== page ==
Veterans Affairs

Improved steri-tip respiratory catheter

Camera and articulating tip enable accurate diagnosis, improved targeting of antibiotics, and better outcomes

Medical & Biotechnology

The Department of Veterans Affairs has invented a novel medical device known as the steri-tip catheter, which is available for commercial development. Companies can license the patent rights to make, use, or sell the device in the marketplace.

Pneumonia is a leading cause of death in the U.S. and the single largest cause of death in children worldwide. Hospital-acquired pneumonia (HAP) is estimated to occur at a rate between five and 15 cases per 1,000 hospital admissions and carries a 30-70 percent mortality rate. HAP increases hospital stays by an average of seven to nine days per patient and has an associated cost of more than $40,000 per patient.

A key to addressing pneumonia is accurate diagnosis and there is debate around the most appropriate technique as clinical criteria alone is inadequate and obtaining samples is problematic. Culturing of endotracheal aspirates has been shown to yield false positive and false negatives exceeding 17 percent. This leads to an inappropriate treatment regimen, increased drug resistance, and poor outcomes.

The problems with cultures begin with how they are sampled. Catheters used in bronchoalveolar lavage to access the lung to obtain samples can become contaminated during insertion or during removal. It is also difficult to guide the catheter deep into the lower respiratory tract where pneumonia occurs.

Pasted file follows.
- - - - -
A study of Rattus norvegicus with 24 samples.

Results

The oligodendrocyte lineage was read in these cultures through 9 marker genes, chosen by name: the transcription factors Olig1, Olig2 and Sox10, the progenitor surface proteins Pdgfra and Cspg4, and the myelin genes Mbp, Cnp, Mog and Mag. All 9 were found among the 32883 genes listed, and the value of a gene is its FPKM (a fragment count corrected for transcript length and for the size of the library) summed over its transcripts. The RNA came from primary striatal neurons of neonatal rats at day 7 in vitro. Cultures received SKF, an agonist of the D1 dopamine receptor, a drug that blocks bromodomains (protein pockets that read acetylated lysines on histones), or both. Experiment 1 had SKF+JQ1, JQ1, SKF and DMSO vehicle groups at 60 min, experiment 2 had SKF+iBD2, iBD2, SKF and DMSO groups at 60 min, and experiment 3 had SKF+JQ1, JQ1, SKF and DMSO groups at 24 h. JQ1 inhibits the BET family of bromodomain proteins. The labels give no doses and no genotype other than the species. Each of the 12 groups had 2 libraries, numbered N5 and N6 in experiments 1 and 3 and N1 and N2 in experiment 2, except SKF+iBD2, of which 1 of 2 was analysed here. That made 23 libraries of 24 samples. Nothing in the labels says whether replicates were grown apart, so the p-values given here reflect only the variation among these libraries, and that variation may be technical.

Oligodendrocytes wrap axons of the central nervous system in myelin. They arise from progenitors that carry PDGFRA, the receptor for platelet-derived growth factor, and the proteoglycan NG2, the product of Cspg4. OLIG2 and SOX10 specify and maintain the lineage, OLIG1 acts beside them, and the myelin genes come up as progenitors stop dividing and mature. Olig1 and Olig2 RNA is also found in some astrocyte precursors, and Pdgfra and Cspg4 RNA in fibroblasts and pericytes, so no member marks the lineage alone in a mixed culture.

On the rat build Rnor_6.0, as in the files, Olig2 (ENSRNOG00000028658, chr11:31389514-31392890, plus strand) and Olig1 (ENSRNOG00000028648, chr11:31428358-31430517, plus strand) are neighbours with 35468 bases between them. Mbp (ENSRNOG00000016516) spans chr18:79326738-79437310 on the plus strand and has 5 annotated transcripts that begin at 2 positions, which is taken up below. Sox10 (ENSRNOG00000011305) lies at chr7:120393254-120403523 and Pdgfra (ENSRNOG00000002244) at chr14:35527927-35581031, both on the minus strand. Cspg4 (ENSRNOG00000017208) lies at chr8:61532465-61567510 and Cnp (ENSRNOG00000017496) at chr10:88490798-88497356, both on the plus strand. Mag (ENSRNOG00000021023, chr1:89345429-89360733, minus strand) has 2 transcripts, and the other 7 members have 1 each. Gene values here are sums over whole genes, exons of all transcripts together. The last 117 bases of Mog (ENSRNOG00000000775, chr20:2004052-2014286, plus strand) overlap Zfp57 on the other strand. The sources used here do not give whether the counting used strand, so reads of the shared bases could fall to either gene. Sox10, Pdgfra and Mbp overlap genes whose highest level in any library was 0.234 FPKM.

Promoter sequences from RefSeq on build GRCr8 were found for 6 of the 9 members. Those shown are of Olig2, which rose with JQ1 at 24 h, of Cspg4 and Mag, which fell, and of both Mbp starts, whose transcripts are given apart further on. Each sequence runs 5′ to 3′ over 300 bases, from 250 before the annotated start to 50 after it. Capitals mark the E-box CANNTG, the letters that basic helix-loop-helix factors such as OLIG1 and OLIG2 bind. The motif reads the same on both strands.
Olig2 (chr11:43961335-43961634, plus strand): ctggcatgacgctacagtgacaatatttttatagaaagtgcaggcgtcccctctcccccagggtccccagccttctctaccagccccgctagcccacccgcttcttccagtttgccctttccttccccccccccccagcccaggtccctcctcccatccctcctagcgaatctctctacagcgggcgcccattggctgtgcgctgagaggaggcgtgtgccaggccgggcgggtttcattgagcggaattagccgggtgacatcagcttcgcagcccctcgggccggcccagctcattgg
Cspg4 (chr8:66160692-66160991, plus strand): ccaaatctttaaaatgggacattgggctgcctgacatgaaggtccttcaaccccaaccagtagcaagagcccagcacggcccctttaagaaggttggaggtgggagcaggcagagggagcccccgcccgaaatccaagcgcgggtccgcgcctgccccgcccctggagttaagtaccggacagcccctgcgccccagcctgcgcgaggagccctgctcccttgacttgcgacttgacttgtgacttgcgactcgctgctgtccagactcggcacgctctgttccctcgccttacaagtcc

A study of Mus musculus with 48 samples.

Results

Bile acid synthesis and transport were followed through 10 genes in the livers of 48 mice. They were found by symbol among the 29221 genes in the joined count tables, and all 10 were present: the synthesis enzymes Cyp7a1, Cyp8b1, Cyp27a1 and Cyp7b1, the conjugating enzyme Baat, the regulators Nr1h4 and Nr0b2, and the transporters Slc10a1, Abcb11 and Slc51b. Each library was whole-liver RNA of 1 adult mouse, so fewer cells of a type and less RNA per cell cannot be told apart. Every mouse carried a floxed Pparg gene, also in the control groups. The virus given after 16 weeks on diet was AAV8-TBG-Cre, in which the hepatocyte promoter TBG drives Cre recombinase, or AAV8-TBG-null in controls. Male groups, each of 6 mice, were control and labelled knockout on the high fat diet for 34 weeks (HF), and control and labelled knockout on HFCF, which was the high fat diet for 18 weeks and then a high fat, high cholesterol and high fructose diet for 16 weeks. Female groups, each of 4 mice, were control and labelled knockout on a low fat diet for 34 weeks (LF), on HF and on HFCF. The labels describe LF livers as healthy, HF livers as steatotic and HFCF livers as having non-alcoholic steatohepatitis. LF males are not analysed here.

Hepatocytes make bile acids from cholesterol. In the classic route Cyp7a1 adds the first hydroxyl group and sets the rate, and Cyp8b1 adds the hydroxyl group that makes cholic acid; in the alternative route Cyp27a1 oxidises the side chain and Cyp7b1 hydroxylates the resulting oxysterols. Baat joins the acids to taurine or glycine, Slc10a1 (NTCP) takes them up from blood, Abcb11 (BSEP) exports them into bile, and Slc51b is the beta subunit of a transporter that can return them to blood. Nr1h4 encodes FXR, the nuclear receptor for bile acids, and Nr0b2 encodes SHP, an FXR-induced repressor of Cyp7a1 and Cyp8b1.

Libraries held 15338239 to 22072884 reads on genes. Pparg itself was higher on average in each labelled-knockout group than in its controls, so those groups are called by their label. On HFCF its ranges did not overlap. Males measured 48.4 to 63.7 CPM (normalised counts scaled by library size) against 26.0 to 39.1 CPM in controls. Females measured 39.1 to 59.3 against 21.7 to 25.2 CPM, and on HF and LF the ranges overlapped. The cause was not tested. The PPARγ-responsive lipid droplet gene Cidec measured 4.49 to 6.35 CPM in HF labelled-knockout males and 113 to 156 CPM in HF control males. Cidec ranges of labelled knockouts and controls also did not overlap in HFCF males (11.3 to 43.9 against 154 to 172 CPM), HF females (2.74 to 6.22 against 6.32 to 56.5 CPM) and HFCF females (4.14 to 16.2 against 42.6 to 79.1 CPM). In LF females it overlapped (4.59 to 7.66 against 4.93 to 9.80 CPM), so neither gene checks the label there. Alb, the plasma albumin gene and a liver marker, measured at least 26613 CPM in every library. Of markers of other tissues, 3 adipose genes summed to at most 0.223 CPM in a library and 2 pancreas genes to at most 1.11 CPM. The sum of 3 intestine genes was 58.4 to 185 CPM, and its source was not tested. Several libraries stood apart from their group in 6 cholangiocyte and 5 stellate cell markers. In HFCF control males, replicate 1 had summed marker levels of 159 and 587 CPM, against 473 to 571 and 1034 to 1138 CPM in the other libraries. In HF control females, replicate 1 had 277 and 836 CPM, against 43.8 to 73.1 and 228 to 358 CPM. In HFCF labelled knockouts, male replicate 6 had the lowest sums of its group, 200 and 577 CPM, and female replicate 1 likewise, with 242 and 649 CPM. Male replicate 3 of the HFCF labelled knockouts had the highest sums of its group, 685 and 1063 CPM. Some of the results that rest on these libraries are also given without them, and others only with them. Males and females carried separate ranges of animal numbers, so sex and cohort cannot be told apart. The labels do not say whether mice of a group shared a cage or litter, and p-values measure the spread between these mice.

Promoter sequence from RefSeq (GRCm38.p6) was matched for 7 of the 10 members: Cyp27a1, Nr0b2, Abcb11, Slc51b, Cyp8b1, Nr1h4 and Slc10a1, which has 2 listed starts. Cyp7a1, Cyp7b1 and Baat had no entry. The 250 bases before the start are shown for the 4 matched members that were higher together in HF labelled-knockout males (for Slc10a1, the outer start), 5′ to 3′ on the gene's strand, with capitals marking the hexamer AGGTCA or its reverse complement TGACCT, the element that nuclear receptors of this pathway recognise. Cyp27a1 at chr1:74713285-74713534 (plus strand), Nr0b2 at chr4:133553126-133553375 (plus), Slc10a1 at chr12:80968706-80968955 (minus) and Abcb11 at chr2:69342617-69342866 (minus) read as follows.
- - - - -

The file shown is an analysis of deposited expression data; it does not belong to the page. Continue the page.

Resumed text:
As an alternative to existing tools, VA researchers have improved their steri-tip catheter. The steri-tip catheter was FDA approved and marketed with the advantage of avoiding inner lumen contamination during collection of respiratory tract specimens of intubated and non-intubated patients. This single or double lumen-protected catheter has a thin polyethylene glycol diaphragm applied at the distal end of the catheter to prevent entrance of contaminants into the system. When the catheter reaches the desired sampling area of the lung, the biodegradable diaphragm is easily ejected to provide an uncontaminated lumen to sample lower airway secretions. While this device represents a step forward in lung sampling, the device is difficult to guide.

VA researchers have made the following improvements to the device:

  • Control mechanism for angulation of the flexible tip: Incorporation of one or two angulation wires to turn the distal flexible tip of the catheter. The angulation wires are attached to a separate control.
  • Imaging assembly: Incorporation of a minute camera to allow visualization of the airways during placement. The camera is connected to a monitor by fiberoptics within the catheter. For larger internal lumen catheters, a telescoped-type catheter can be used.

While this improved Steri-Tip catheter is designed to retrieve lower respiratory tract secretions, it could be modified to be used in any surgical procedure where catheters are used to provide local fluid communication to a particular site or to obtain biological samples.